Maria Miller wrong to reject heterosexual civil partnerships
Ban on heterosexual couples is discrimination
Minister defies public consultation, which backed straight equality
London – 16 May 2013
“The government’s decision to oppose the legalisation of civil partnerships for heterosexual couples is hugely disappointing. It is a sad betrayal of the principle of equality. Nevertheless, I hope a majority of MPs will rebel and next week vote for the parliamentary amendment to open up civil partnerships to opposite-sex couples. Every MP who supports straight equality should vote for the amendment,” said Peter Tatchell, coordinator of the Equal Love campaign, which has spearheaded the movement for same-sex civil marriages and opposite-sex civil partnerships.
He was commenting on the announcement by Equalities Minister, Maria Miller MP, that the government will oppose the amendment to the Marriage (Same Sex Couples) Bill that removes from the Civil Partnership Act 2004 the requirement that civil partners must be of the same sex.
The amendment is backed by MPs Tim Loughton, Rob Wilson, Julian Huppert, Greg Mulholland, Stephen Williams and Charlotte Leslie.
“How can she call herself the Equalities Minister if she opposes heterosexual equality?”queried Mr Tatchell.
“She is acting in defiance of her own mass public consultation in 2012, where 61% of respondents supported extending civil partnerships to opposite-sex couples. Only 24% opposed.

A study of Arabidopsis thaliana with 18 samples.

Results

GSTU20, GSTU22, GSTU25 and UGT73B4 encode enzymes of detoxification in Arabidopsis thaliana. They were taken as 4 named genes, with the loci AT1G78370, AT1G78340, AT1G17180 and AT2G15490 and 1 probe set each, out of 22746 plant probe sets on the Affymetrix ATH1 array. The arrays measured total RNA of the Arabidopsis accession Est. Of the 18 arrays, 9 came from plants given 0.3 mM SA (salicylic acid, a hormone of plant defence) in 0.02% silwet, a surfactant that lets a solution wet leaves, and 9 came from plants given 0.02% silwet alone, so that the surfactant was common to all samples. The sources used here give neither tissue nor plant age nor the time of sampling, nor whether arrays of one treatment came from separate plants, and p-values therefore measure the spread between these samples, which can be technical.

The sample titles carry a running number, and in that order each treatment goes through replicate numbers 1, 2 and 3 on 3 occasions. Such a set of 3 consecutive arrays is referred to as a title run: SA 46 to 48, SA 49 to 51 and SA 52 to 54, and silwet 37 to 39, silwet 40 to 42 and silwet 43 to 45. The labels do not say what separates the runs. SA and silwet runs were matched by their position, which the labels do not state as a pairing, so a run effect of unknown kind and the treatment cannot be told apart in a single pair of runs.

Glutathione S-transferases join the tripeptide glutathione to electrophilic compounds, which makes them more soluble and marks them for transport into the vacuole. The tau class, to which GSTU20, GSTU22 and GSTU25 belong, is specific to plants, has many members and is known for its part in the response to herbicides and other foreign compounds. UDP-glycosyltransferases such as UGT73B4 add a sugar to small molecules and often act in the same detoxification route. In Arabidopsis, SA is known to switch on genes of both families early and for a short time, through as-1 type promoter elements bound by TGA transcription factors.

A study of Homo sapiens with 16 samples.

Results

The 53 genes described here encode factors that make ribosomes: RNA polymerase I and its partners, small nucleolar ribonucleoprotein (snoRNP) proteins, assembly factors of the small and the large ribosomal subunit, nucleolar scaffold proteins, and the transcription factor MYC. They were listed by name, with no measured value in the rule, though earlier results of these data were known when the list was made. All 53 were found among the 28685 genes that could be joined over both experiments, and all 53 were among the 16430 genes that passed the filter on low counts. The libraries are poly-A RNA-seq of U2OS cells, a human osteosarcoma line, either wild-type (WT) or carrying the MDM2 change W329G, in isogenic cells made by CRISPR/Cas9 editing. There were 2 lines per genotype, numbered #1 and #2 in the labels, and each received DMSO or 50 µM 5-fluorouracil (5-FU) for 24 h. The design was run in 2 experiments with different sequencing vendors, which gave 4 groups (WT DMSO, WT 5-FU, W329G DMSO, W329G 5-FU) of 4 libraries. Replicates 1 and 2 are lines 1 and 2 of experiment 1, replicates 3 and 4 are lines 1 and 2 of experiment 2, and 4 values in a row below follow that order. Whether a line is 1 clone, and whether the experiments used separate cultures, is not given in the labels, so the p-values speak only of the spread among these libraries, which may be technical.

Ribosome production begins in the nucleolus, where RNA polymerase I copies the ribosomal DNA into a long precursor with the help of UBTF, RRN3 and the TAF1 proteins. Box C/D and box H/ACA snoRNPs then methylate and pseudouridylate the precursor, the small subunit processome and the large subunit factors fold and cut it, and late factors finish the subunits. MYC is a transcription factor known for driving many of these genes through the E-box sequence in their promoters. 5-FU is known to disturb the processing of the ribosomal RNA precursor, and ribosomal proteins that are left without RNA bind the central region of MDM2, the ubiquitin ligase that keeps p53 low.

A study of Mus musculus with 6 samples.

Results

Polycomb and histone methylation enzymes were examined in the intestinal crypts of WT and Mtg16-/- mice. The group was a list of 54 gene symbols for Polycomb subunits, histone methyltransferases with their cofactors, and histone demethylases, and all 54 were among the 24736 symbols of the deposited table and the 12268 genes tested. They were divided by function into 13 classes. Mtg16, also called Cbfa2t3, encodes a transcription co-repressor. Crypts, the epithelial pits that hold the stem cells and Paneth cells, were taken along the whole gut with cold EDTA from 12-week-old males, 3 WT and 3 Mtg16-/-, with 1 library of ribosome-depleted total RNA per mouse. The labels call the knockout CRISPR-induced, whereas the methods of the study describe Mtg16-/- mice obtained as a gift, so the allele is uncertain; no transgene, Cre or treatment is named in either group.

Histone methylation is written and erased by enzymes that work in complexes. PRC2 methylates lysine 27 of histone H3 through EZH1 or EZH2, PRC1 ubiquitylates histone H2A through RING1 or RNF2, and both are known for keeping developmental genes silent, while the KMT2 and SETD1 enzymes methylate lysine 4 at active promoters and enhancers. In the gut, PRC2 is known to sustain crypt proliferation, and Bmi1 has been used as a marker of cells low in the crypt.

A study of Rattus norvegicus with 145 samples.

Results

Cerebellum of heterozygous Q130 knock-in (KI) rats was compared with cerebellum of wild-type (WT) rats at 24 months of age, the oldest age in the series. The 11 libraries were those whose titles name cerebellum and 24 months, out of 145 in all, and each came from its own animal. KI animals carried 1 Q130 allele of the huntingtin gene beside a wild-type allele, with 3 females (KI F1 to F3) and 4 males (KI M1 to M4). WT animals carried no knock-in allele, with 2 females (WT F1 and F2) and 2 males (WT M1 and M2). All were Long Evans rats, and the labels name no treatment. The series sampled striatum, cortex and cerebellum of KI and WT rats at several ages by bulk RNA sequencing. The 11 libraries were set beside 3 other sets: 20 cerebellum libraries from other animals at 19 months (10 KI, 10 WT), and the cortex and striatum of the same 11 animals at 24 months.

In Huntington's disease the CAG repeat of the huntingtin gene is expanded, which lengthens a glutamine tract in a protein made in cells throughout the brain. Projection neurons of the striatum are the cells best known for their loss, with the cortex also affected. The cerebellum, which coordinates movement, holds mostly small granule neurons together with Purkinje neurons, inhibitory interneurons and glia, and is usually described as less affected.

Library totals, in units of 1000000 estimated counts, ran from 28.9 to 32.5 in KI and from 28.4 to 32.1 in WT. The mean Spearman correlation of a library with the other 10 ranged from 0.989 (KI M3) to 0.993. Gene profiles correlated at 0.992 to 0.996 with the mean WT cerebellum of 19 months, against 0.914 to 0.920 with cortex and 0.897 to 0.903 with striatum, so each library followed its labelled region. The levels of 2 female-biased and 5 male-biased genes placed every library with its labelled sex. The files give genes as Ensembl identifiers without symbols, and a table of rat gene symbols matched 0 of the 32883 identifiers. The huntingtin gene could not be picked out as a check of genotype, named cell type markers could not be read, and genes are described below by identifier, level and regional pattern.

See page 42: http://bit.ly/103Zizs
“While legalising marriage equality is welcome and commendable, the government’s refusal to end discrimination against straight couples in civil partnership law is flawed and wrong.
“Despite proclaiming that the legalisation of same-sex civil marriage is driven by the principle of equality, the current bill enshrines inequality by failing to end the ban on heterosexual civil partnerships.
“When same-sex marriage becomes law, gay couples will have legal privileges over heterosexual couples.
“Under government legislation, there will be two forms of official state recognition for lesbian and gay couples: the present system of civil partnerships and the new system of civil marriages. Heterosexual couples will have only one option: marriage. They will be subjected to legal inequality and discrimination.
“This is very wrong. I support straight equality.
“My four decades of human rights activism have been based on the principle of equality. I cannot accept equal rights for gay couples but not for heterosexual couples.
“In a democratic society, we should all be equal before the law. Straight men and women also deserve equality.
“Both civil marriages and civil partnerships should be open to all couples, without any sexual orientation discrimination.
“Some straight men and women don’t like the patriarchal traditions of marriage. They’d prefer a civil partnership. Why shouldn’t they have that option?”
“In the Netherlands, where civil marriages and civil partnerships are available to all couples – gay and straight – the vast majority of civil partnerships are between heterosexual men and women. Some straight people prefer them.
“If civil partnerships were made available to heterosexual couples in the UK there would probably be a similar significant take up.
“This issue is not about numbers. It is about equality. Even if only a handful of straight people wanted a civil partnership, they are entitled to have one,” said Mr Tatchell.
The Equal Love campaign has a legal case in the European Court of Human Rights, which is challenging the UK’s twin bans on same-sex civil marriages and opposite-sex civil partnerships. See here: http://bit.ly/xJumfO
Peter Tatchell is Director of the human rights organisation, the Peter Tatchell Foundation.